Débora Laís Justo Jacomini , MD 1 , Franco Dani Campos Pereira 1 , José Roberto Aparecido dos Santos Pinto , MD 2 , Lucilene Delazari dos Santos , PhD 2 , Anally Ribeiro da Silva Menegasso 2 , Mário Sérgio Palma , PhD 2 , Ricardo de Lima Zollner , PhD 3 , Márcia Regina Brochetto-Braga , PhD 1
17 February 2012
Between 9.3 and 28.5% of world population are estimated to be allergic to the protein components of Hymenoptera venom and among them, the hyaluronidase (HYAL) is one of the most important, although the nature of its IgE binding epitopes is unknown.
Enzyme was purified from P. paulista venom by cation exchange chromatography in AKTA-FPLC system with a Hiprep CM FF column. Fractions with HYAL activity were pooled, lyophilized, dialyzed against distilled water in presence of protease inhibitor (PMSF) and subjected to SDS-PAGE 15%. The only protein bands visualized were submitted to tryptic digestion and to MALDI-ToF/ToF mass spectrometry. Digested peptides produced were compared with partial/complete protein sequences from Data Bank including with the HYAL (Q9U6V9) of Polistes annularis venom used as model. Western blotting was performed with Pp-HYAL-specific antibody to test the identity of pure protein.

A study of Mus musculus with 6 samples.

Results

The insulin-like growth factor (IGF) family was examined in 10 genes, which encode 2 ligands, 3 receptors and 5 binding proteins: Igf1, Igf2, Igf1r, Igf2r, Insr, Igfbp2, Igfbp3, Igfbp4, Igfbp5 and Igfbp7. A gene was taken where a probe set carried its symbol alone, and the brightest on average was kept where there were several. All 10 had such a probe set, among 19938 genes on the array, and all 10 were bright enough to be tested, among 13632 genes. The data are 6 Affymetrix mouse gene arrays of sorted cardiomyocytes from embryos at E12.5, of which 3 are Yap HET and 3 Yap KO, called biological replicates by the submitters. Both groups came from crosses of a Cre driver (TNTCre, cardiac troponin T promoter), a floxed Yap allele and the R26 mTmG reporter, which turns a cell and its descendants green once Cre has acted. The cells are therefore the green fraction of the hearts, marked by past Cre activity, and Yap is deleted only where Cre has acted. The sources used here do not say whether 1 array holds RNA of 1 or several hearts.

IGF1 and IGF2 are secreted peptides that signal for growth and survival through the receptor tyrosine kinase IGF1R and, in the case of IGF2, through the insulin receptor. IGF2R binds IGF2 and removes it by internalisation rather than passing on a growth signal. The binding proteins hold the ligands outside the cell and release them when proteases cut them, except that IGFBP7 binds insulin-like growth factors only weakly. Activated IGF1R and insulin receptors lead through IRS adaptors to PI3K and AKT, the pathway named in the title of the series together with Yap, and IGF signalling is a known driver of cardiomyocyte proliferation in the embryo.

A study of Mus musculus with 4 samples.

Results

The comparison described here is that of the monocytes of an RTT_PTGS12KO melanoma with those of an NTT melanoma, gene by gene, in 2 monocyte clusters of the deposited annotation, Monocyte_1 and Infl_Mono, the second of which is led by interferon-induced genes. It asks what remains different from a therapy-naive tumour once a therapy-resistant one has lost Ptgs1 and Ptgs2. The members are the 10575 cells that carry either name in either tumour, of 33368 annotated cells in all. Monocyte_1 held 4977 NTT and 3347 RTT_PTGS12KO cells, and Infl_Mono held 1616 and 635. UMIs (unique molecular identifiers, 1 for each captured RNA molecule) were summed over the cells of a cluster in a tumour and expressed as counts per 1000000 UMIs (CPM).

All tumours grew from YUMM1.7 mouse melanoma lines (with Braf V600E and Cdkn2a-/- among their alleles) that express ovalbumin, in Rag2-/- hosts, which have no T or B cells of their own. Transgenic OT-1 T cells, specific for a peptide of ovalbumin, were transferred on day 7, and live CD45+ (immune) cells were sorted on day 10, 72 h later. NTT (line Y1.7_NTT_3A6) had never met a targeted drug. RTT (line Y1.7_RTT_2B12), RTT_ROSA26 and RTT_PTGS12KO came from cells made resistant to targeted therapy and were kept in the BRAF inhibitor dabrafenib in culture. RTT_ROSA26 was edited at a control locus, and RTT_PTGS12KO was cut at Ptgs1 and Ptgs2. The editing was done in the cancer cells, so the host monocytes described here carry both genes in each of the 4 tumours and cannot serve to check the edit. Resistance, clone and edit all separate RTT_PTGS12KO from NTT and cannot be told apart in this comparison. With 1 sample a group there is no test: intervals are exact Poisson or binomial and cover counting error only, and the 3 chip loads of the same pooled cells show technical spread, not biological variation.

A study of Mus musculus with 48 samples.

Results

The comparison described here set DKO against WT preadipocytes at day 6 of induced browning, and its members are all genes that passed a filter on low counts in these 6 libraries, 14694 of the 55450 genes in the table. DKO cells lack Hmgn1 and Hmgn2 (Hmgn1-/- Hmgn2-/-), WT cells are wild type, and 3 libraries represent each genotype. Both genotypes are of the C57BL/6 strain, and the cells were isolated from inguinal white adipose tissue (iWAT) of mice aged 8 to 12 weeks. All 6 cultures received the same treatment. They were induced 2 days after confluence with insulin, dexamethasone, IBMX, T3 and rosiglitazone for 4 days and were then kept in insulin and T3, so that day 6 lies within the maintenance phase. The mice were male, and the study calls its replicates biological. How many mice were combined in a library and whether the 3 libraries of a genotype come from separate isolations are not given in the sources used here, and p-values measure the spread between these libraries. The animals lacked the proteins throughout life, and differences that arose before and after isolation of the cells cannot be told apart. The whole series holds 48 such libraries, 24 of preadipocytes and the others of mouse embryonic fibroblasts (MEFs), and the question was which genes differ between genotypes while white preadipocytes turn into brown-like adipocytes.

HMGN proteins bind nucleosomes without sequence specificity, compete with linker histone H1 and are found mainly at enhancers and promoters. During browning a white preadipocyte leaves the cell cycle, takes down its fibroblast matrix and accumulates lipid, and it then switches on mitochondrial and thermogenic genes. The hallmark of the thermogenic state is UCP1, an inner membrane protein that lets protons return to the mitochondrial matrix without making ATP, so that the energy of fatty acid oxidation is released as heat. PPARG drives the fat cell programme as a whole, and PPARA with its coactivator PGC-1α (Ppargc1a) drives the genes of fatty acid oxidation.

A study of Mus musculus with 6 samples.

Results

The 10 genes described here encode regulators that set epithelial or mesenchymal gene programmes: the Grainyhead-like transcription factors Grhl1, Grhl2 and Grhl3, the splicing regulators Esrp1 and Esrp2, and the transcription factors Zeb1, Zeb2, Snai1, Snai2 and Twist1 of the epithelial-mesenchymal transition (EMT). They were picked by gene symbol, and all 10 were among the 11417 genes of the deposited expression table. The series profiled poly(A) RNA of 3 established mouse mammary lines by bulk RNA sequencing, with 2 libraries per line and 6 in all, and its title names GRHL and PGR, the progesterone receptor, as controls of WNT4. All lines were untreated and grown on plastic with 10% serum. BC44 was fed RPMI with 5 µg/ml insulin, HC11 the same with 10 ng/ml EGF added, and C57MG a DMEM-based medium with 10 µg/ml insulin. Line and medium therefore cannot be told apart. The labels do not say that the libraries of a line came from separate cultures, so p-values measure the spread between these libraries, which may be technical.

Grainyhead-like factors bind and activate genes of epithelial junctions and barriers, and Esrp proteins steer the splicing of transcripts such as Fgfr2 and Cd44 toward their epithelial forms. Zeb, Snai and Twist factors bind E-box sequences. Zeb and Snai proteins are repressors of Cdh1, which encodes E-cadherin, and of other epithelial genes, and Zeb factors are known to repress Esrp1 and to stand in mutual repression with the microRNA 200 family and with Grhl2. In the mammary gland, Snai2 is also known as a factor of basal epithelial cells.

All analysis performed identified the pure protein as an HYAL present in P.paulista venom, which also had its cDNA sequence (GI:302201582) cloned and determined in previous studies, being its high similarity with the Polistes annularis enzyme already confirmed. The mature allergenic protein has 338 amino acids and a molecular weight of 39 KDa. The same allergen is known in other insects, venoms and immunological cross reactivity may sometimes be observed among closely related species. Here, the immunoblotting assay revealed that the Pp-HYAL-specific antibody used recognized the correspondent protein in the purified fraction and in the crude venom of P. paulista, but not in the Apis mellifera and Solenopsis invicta venoms.
The methodology used was able to purify the allergen, which is a key step in the characterization of its binding epitopes. Such knowledge has direct implications in accuracy of diagnostic procedures and strategies for specific immunotherapy of allergic patients to the venom of this insect.
Funding: Fundação de Amparo à Pesquisa do Estado de São Paulo (FAPESP).